The Rate Hike Ship Has Sailed: Goldman Sees "Higher Probability Of Liftoff Not In 2016 But In 2017"

Two weeks ago, and just before Janet Yellen hinted that "nominal interest rates cannot go much below zero" (so just a little, and exactly is a "little" in Fed speak?) Goldman explained that when it comes to a rate hike, the Fed should not only not hike in December (and certainly not October), but wait until mid-2016 before the first rate hike:

Q: What is your own view of the appropriate liftoff date?

 

A: Our own answer to that question has long been 2016. In fact, our own view is similar to that of Chicago Fed President Charles Evans, who recently shifted his call from early 2016 to mid-2016. Although it is definitely possible to rationalize a December 2015 liftoff using various forms of the Taylor rule, there are two good reasons to delay the move longer. First, the risk of hiking too early is bigger than the risk of hiking too late when inflation is so far below target and we have spent so much time stuck at the zero bound. Second, we have seen a sizeable tightening of financial conditions. At this point, our “GSFCI Taylor rule” suggests that the FOMC should be trying to ease rather than tighten financial conditions. Our own view in terms of optimal policy is quite strongly in favor of waiting well into 2016.

Then overnight, Goldman's Jan Hatzius whose calls on an economic rebound and "above-trend" growth have been premature again and again, but whose calls on what the Fed should do are usually followed to the T by former Goldmanite and the person in charge of the NY Fed Bill Dudley, came out with another stunner.

After looking at the latest terrible US economic data which once again crushed hopes of a "decoupling", first confirmed by the terrible payrolls report and subsequently validated by the Atlanta Fed cutting its Q4 GDP from 1.8% to 0.9%, Goldman had this to say:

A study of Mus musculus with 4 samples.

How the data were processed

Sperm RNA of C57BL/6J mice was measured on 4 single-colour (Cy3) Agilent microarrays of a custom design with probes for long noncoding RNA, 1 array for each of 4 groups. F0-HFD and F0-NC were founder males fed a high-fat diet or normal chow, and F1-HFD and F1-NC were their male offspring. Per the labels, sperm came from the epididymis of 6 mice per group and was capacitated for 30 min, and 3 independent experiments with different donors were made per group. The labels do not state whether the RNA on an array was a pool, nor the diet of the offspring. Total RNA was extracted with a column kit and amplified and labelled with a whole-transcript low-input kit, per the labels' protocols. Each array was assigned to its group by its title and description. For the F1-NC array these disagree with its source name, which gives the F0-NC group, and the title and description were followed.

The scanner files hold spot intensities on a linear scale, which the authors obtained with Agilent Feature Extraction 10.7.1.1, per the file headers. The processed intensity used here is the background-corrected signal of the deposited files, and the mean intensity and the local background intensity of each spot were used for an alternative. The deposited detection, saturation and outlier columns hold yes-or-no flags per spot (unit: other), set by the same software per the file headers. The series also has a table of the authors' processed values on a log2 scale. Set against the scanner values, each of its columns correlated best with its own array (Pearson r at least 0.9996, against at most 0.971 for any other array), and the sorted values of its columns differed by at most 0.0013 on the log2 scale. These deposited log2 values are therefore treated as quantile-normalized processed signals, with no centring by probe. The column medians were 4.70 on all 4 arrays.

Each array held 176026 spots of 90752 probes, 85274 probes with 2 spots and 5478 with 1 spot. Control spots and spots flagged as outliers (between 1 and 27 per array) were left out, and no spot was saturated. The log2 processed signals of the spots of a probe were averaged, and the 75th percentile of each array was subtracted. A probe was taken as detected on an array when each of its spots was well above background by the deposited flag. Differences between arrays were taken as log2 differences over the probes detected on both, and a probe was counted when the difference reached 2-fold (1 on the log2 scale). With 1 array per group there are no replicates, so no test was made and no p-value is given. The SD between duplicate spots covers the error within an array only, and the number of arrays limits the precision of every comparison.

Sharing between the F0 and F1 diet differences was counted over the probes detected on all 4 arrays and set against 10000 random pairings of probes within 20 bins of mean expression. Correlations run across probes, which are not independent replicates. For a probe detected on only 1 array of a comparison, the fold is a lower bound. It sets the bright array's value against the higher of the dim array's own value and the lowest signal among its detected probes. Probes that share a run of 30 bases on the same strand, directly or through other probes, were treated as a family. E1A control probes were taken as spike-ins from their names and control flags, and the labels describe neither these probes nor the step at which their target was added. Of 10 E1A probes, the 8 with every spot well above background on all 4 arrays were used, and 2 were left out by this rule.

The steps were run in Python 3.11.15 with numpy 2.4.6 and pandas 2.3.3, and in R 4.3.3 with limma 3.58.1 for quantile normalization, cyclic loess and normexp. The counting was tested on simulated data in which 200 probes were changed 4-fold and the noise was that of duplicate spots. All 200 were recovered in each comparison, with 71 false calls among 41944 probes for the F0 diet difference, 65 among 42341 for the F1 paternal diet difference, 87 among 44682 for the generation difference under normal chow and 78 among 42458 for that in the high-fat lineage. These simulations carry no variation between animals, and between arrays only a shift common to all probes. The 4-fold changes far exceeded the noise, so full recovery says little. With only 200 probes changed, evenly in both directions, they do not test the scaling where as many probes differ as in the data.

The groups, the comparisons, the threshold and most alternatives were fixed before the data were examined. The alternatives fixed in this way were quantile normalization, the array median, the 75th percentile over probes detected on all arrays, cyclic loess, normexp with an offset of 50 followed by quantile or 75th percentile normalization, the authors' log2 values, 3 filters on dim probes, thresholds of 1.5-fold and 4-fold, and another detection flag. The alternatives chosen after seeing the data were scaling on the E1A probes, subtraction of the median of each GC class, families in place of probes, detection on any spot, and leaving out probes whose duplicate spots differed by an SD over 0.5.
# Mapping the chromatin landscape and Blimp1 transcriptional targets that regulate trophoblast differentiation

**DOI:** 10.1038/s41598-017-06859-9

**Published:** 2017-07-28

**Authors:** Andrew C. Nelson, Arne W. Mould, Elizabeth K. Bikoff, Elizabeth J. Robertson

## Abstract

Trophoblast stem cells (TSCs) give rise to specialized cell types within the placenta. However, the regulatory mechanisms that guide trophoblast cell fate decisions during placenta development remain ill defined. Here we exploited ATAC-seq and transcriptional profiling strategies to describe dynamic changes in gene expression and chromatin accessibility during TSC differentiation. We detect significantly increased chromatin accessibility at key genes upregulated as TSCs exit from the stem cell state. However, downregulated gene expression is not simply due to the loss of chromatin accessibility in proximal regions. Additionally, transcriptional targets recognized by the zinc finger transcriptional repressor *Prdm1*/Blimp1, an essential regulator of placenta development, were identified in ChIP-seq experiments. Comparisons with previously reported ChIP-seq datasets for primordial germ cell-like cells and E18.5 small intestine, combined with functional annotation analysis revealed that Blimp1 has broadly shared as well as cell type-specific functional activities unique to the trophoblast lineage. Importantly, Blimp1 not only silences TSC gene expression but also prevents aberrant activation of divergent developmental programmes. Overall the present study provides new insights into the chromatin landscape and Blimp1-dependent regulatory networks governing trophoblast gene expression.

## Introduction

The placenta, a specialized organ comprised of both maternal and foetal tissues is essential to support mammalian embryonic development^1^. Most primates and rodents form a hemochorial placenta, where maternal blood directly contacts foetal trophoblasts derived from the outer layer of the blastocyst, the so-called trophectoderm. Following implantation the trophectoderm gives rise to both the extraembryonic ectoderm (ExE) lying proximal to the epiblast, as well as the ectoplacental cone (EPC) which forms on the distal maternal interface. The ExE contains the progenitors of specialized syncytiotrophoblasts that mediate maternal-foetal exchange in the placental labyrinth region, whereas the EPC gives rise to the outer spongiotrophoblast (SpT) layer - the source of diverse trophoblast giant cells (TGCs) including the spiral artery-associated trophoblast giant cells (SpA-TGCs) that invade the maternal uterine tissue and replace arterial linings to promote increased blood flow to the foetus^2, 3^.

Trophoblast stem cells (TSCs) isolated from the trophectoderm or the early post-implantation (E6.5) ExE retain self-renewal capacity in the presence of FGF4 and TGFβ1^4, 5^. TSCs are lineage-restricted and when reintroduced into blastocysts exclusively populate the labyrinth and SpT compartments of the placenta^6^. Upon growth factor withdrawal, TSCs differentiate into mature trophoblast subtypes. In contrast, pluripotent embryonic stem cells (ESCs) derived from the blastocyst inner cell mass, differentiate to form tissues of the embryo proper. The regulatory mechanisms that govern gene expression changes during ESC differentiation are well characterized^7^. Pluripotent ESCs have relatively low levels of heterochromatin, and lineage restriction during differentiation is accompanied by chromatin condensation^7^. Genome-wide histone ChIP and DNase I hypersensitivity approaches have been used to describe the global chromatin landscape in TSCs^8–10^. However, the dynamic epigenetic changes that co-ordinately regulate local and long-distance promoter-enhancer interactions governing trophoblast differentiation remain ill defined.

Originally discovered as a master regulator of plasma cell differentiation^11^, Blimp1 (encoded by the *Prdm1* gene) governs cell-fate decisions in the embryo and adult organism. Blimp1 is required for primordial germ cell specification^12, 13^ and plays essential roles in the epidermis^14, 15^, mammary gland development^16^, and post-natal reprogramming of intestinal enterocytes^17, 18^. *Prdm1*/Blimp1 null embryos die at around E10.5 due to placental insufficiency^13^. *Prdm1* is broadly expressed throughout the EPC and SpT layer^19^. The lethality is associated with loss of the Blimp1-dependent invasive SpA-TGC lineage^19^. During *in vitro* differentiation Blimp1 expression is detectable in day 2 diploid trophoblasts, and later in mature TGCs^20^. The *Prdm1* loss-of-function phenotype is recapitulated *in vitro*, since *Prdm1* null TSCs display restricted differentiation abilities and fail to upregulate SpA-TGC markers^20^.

Further bad news on output and employment could potentially result in quite a large shift in the monetary policy outlook. When the starting point for growth is far above trend, a given slowdown merely delays the point at which the labor market hits full employment, inflation pressure rises more significantly, and standard monetary policy rules call for liftoff. But when the starting point for growth is only modestly above trend, as it probably is right now, the same slowdown might halt the move toward full employment and greater inflation pressure entirely. In that case, standard monetary policy rules might justify a continuation of the current zero-rate policy for much longer, well into 2016 or potentially even beyond. In this context, it is interesting that the reduced market-implied probability of liftoff in 2015 after Friday’s weak employment report mostly translated into a higher probability of liftoff not in 2016 but in 2017!

So for anyone still confused why the USDJPY carry trade is on fire today and is propping up the broader market, even as such "growth" stalwarts and AAPL, NFLX and VRX are in the red with the third quarter earnings season about to begin and confirm not only a revenue but an earnings recession, there is your answer.